Terms from GLBT History
The following terms have their roots in GLBT history.
Stonewall: The Stonewall Inn tavern in New York City’s Greenwich Village was the site of several nights of raucous protests after a police raid on June 28, 1969. Although not the nation’s first gay civil rights demonstration, Stonewall is now regarded as the birth of the modern gay civil rights movement.
Pink Triangle: Now a gay pride symbol, it was the symbol gay men were required to wear in Nazi concentration camps during World War II. Lesbians sometimes also use a black triangle.
Rainbow Flag: A flag of six equal horizontal stripes (red, orange, yellow, green, blue, and violet) signifying the diversity of the lesbian, gay, bisexual and transgender communities. (Note: The original rainbow flag had eight colored stripes, but it was later shortened to just six stripes.)
Don’t Ask, Don’t Tell: Shorthand for “Don’t Ask, Don’t Tell, Don’t Pursue,” the military policy on gay men, lesbians and bisexuals. Under the policy, instituted in 1993, the military was not to ask service members about their sexual orientation, service members were not to tell others about their orientation, and the military was not to pursue rumors about members’ sexual orientation. The shorthand was acceptable in headlines, but in text the full phrase adds important balance. The Don’t Ask, Don’t Tell policy officially ended September 20, 2011.
Fag, Faggot: Originally a pejorative term for a gay male, it is now being reclaimed by some gay men. Caution: still extremely offensive when used as an epithet. It is still a slur in many contexts and is generally prohibited in schools with anti-harassment policies.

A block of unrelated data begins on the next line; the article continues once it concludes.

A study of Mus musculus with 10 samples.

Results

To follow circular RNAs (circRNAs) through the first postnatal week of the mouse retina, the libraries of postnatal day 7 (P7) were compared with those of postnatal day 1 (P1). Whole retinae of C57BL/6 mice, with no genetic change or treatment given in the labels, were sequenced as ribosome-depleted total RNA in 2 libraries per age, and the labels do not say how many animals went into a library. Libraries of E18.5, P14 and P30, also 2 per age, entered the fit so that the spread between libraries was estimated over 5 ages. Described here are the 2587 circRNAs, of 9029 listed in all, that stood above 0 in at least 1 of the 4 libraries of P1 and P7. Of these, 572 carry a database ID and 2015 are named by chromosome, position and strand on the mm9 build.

Homo; Pejorative term for homosexual. Avoid.
Queen: Originally a pejorative term for an effeminate gay man. Still considered offensive when used as an epithet.
Dyke: Pejorative term for a lesbian. Some young women self-identify as dykes, but it is still a slur in many contexts and is generally prohibited in schools with anti-harassment policies.
Sissy: Pejorative term for a gay man or a man who doesn’t fit masculine gender role stereotypes. As unacceptable at school as racial or religious slurs.
HIV: Human Immunodeficiency Virus: The virus that causes AIDS. “HIV virus” is redundant. “HIV-positive” means being infected with HIV but not necessarily having AIDS. AIDS doctors and researchers are using the term “HIV disease” more because there are other types of acquired immune deficiencies caused by toxins and rare but deadly diseases that are unrelated to what we now call AIDS.
AIDS: Acquired Immune Deficiency Syndrome: A medical condition that compromises the human immune system, leaving the body defenseless against opportunistic infections. Some medical treatments can slow the rate at which the immune system is weakened. Do not use the term “full-blown AIDS.” Individuals may be HIV-positive but not have AIDS. Avoid “AIDS sufferer” and “AIDS victim.” Use “people with AIDS” or, if the context is medical, “AIDS patients.”
Wait! Just when we thought we had a handle on all this terminology, wouldn’t you know that evolution marches forward, and new terminology (and new uses for some old terminology) continues to emerge. We suggest reading the article “The Origins and Continuing Evolution of Identity Terminology” which discusses where all this terminology originated (it’s waaaaay more recent that you may think) and how it is morphing once again — primarily by our younger generations. Want to be ahead of the curve? Read this article.